Because of spam, I personally moderate all comments left on my blog. However, because of health issues, I will not be able to do so in the future.

If you have a personal question about LI or any related topic you can send me an email at I will try to respond.

Otherwise, this blog is now a legacy site, meaning that I am not updating it any longer. The basic information about LI is still sound. However, product information and weblinks may be out of date.

In addition, my old website, Planet Lactose, has been taken down because of the age of the information. Unfortunately, that means links to the site on this blog will no longer work.

For quick offline reference, you can purchase Planet Lactose: The Best of the Blog as an ebook on or Almost 100,000 words on LI, allergies, milk products, milk-free products, and the genetics of intolerance, along with large helpings of the weirdness that is the Net.

Tuesday, June 17, 2008

Vitamin D Deficiency Problems in Teens and Adults

The best way to get Vitamin D is to get sun on your bare flesh for at least 15 minutes a day.

But people have been told for years to cover up, to slather themselves with sunblock, or just not spend time in the sun.

Is this leading to a problem? Could be, wrote Mary Brophy Marcus, in an article and a sidebar in USA Today.

Older adults have long been known to be short on Vitamin D, probably because they tend to spend less time outdoors than younger people. Whatever it is about our modern lifestyles, however, younger adults, teens, adolescents, even infants are showing the effects.

Pediatricians had thought the problem had been solved among children with the vitamin D fortification of milk, cereal and other foods. But an ever-lengthening roster of studies is revealing vitamin D deficiency is more common than previously believed in youngsters, including breast-fed babies and teens.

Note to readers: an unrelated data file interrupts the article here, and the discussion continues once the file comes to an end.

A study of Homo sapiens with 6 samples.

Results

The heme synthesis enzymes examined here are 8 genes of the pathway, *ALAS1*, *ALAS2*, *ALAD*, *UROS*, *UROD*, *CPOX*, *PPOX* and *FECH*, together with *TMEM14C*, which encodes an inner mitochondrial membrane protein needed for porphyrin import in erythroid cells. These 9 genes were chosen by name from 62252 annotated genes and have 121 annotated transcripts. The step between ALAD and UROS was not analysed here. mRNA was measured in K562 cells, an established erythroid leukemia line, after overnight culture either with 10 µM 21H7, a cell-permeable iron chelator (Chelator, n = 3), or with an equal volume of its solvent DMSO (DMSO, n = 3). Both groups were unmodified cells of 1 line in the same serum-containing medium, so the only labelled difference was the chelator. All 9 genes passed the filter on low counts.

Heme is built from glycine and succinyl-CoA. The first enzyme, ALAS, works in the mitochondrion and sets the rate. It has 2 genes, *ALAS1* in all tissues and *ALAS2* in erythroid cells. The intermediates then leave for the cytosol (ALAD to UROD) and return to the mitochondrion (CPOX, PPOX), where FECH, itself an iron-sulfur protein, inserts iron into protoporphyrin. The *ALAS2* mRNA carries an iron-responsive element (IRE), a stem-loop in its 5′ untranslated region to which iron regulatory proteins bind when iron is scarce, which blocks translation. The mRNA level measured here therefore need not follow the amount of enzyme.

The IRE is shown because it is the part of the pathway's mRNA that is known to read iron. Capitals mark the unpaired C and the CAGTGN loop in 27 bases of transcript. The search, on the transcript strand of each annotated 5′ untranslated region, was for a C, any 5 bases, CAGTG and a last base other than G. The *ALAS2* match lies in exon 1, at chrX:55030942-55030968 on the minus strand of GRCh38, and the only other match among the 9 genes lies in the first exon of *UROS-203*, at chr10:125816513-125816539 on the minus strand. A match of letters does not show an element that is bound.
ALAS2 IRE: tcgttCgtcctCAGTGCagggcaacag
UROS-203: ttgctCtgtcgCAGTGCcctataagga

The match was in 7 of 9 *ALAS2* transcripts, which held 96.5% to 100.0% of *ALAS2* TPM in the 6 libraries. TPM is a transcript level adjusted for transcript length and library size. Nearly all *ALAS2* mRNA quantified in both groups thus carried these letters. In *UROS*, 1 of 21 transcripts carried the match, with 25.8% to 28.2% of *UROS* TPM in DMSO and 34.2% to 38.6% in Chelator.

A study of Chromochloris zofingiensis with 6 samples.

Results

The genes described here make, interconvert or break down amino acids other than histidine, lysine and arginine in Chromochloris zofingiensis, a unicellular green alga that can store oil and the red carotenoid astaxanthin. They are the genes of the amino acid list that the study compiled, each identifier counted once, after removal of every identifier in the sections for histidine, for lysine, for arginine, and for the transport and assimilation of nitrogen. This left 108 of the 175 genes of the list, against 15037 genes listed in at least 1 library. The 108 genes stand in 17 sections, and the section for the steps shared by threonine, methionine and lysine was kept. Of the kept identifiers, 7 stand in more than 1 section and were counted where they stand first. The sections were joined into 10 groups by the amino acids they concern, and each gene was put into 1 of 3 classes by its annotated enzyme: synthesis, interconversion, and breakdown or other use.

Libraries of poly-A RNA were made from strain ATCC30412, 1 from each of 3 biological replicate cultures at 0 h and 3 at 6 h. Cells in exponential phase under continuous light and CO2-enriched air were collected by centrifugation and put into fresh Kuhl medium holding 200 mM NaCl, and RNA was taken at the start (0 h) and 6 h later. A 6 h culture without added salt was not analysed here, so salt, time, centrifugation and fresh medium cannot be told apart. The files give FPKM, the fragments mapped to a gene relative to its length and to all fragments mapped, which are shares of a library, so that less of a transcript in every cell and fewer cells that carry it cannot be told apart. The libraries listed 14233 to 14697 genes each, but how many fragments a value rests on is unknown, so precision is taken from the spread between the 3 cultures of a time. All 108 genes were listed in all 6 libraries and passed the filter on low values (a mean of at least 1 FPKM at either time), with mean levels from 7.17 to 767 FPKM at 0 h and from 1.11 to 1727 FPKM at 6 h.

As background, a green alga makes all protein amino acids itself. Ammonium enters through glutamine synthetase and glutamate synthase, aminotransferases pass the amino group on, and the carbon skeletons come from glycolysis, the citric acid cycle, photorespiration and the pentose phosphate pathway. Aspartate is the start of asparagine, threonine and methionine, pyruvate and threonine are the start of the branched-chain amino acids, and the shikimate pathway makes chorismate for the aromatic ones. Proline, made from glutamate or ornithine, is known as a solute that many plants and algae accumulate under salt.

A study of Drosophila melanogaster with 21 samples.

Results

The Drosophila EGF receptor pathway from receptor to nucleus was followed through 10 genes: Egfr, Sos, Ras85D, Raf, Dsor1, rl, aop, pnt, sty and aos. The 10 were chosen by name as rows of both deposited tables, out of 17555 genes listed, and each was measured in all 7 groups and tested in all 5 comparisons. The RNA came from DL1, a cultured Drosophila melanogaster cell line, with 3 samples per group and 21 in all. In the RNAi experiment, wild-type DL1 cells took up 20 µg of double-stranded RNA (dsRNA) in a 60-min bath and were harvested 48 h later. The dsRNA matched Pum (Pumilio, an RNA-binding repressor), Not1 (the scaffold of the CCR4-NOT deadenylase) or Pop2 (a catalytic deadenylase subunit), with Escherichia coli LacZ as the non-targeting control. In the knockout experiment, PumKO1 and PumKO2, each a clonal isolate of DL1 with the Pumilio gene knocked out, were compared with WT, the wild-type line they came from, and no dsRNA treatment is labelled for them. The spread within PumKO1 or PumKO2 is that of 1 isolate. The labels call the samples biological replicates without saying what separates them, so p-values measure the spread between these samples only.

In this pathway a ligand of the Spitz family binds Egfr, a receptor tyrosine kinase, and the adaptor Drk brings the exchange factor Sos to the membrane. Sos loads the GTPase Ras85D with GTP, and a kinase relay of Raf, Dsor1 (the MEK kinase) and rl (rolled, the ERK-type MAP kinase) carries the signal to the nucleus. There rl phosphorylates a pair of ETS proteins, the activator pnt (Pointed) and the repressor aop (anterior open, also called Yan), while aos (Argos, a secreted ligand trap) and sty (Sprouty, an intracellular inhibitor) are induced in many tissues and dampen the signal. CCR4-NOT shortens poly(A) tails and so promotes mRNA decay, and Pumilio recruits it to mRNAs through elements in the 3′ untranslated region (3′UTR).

"Vitamin D deficiency is much more of a health problem than anyone realized," says Catherine Gordon, director of the bone health program at Children's Hospital Boston. In the June issue of the Archives of Pediatrics and Adolescent Medicine, Gordon and her colleagues found that 40% of infants and toddlers tested below average for vitamin D. In a previous study, Gordon and fellow researchers discovered that 42% of adolescents were vitamin D deficient.

Breastfeeding is no help here because there is no vitamin D in human milk. [The rise in breastfeeding is therefore coinciding with a rise in rickets.] None in cow's milk either, but all milk in the U.S. is fortified with some vitamin D. But people are drinking less milk and of course you, my readers, are especially likely not to get many dairy products in your diets.

Vitamin D supplements are therefore a good idea for those who may no be getting enough from their diets or from the sun.
Current recommendations by the Institute of Medicine suggest 200 IUs of vitamin D a day for children and 400 IUs for adults, but [Lisa] Callahan, [co-director of the Women's Sports Medicine Center at the Hospital for Special Surgery in New York], who serves on an institute committee that aims to update those guidelines, says she suggests higher levels to many of her patients, at least 800 to 1,000 IUs a day.

Some sun is necessary to get the ultraviolet B (uvB) rays that activate it. But this is harder for those prone to skin cancer and darker-skinned peoples (who are also statistically more likely to be lactose intolerant) to achieve safely.

You can get a blood test to see if you have sufficient levels of vitamin D in your system. The deficiency mark is 20 ng/mL [nanograms per milliliter] or lower. A normal reading is 30 ng/mL or higher.